News consumption differs according to a variety of factors, ranging from age and ethnicity to political leaning and level of education. Some of these differences are more easily explained than others. It follows, for example, that a person’s political affiliation may influence the kind of content they prefer to read. Interesting though, and less clear-cut, is how a consumer’s geographical location can affect the way they get their news.
Location and news consumption
Looking at social media news engagement, behavior varies across countries. Data from a global study investigating social media news usage worldwide demonstrates this. We can see that Greeks and Bulgarians were the most likely consumers in Europe to head to social networks for news, whereas British, German, and French audiences were the least inclined to do so. Social media news consumption was highest in Nigeria, and Nigerians cited news as one of the main reasons for using social networks. Usage will continue to grow in line with internet access, and, like in other markets, will increase as younger consumers begin to engage with news.
Willingness to pay for news is also different around the world. In Norway, the country with the highest share of people paying for online news, the percentage who do so amounts to under 50 percent, although in the UK and Japan the figure was around four times lower. Indeed, under 10 percent of UK adults paid for any kind of online news content in the last year as of 2023, showing little change since 2013 despite small yearly fluctuations. In Japan, despite a survey revealing that around two thirds of respondents consider newspapers to be trustworthy, this does not increase the likelihood to pay for content either in print form or online. Only a fraction of Japanese news consumers pay to access a newspaper’s website, perhaps suggesting that whilst trust in the format exists, trust in and the willingness to invest in specific brands remains shaky.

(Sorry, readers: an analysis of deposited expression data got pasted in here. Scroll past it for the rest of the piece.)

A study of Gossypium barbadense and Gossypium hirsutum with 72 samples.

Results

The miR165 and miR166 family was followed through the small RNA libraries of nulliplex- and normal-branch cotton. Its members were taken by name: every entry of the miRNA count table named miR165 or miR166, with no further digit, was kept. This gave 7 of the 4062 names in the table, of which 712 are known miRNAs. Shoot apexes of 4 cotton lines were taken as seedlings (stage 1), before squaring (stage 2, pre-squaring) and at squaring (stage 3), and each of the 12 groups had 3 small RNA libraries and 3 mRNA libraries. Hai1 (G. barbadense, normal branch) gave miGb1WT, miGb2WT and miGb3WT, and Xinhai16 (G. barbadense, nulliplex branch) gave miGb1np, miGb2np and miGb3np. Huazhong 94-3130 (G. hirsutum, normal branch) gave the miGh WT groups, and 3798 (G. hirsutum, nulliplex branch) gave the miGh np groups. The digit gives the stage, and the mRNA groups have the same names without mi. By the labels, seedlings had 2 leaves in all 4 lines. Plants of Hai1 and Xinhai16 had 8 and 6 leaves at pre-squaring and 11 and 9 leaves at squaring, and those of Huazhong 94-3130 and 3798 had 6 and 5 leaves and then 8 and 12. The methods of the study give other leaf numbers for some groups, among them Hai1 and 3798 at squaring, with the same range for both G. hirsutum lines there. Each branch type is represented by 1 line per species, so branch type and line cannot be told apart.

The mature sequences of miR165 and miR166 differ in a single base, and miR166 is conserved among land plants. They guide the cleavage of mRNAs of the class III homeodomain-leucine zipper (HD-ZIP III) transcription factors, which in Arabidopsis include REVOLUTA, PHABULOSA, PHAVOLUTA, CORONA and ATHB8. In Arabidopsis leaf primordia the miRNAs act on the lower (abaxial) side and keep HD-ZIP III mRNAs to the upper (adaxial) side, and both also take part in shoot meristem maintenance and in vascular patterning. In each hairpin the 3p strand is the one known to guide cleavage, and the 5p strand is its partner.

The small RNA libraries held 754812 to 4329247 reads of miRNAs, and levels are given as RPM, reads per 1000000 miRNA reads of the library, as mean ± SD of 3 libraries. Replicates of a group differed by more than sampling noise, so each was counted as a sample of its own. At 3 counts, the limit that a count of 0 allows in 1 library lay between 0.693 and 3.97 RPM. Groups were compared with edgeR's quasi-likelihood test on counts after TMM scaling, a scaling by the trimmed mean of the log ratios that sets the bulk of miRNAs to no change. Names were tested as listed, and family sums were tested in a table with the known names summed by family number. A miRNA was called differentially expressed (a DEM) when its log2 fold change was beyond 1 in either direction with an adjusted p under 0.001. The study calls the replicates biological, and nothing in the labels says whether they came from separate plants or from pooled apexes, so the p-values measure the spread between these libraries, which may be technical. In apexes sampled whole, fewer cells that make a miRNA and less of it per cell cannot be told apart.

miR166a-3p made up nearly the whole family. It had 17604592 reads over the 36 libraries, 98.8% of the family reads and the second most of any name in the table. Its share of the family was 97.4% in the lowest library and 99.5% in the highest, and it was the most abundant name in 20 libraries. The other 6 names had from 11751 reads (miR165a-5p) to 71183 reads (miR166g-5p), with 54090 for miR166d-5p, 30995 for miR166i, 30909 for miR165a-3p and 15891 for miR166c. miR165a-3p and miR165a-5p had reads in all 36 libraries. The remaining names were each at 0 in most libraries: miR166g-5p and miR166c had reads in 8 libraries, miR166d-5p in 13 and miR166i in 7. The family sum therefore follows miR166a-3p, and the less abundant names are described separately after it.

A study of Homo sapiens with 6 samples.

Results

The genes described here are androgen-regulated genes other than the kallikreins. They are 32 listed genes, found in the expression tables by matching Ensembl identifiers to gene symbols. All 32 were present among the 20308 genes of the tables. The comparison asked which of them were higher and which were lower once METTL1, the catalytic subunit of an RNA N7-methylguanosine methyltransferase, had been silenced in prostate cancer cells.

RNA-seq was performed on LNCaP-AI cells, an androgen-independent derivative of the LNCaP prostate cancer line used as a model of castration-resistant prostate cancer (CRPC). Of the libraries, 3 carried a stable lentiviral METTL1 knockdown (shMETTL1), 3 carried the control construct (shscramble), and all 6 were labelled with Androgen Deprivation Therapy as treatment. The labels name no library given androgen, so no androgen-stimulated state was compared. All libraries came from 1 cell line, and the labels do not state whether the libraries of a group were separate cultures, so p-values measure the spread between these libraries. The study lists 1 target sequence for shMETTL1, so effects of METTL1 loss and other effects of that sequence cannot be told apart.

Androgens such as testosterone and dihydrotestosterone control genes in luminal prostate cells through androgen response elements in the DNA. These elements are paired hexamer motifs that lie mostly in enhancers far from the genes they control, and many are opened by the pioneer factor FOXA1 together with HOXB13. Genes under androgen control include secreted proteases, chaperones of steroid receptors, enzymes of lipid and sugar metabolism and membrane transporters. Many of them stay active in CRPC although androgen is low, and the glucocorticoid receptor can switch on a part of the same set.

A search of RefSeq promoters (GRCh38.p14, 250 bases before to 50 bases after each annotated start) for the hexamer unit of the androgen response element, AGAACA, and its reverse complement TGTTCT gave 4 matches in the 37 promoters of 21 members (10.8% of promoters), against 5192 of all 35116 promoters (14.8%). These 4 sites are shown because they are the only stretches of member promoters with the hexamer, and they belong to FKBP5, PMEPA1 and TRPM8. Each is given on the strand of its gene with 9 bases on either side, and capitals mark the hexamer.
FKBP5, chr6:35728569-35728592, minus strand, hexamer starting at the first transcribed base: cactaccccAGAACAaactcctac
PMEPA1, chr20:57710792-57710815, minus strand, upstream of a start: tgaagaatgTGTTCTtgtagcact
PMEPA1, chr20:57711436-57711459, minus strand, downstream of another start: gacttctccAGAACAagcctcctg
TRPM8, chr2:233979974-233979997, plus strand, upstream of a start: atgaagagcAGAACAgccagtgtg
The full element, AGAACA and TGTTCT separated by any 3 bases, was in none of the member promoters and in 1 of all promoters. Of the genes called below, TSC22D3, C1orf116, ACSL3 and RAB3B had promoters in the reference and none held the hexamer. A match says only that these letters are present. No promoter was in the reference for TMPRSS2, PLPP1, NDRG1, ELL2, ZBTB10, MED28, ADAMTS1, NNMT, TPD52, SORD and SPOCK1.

The impact of false information
Mis- and disinformation in news is a global problem, and audiences around the world are susceptible to encountering it. Coming across poorly researched, deliberately misleading, and biased information is one of the many factors which negatively impact trust. A survey investigating trust in the media showed that less than 50 percent of consumers in half the countries in the study felt the media could be trusted, with Japanese and South Korean respondents particularly skeptical. Moreover, almost 30 percent of news consumers worldwide actively avoid news because of untrustworthy or biased content.
Reading a news story that was completely fake ranks among the leading concerns when interacting with online news worldwide. However, without active intervention from news organizations and governments to control and prevent suspicious content, little will change. Although containing and preventing false news entirely is not possible, it is key that social networks implement measures to ensure their platforms are a safe place, quality journalism is allowed to flourish, and political bias is kept to a minimum.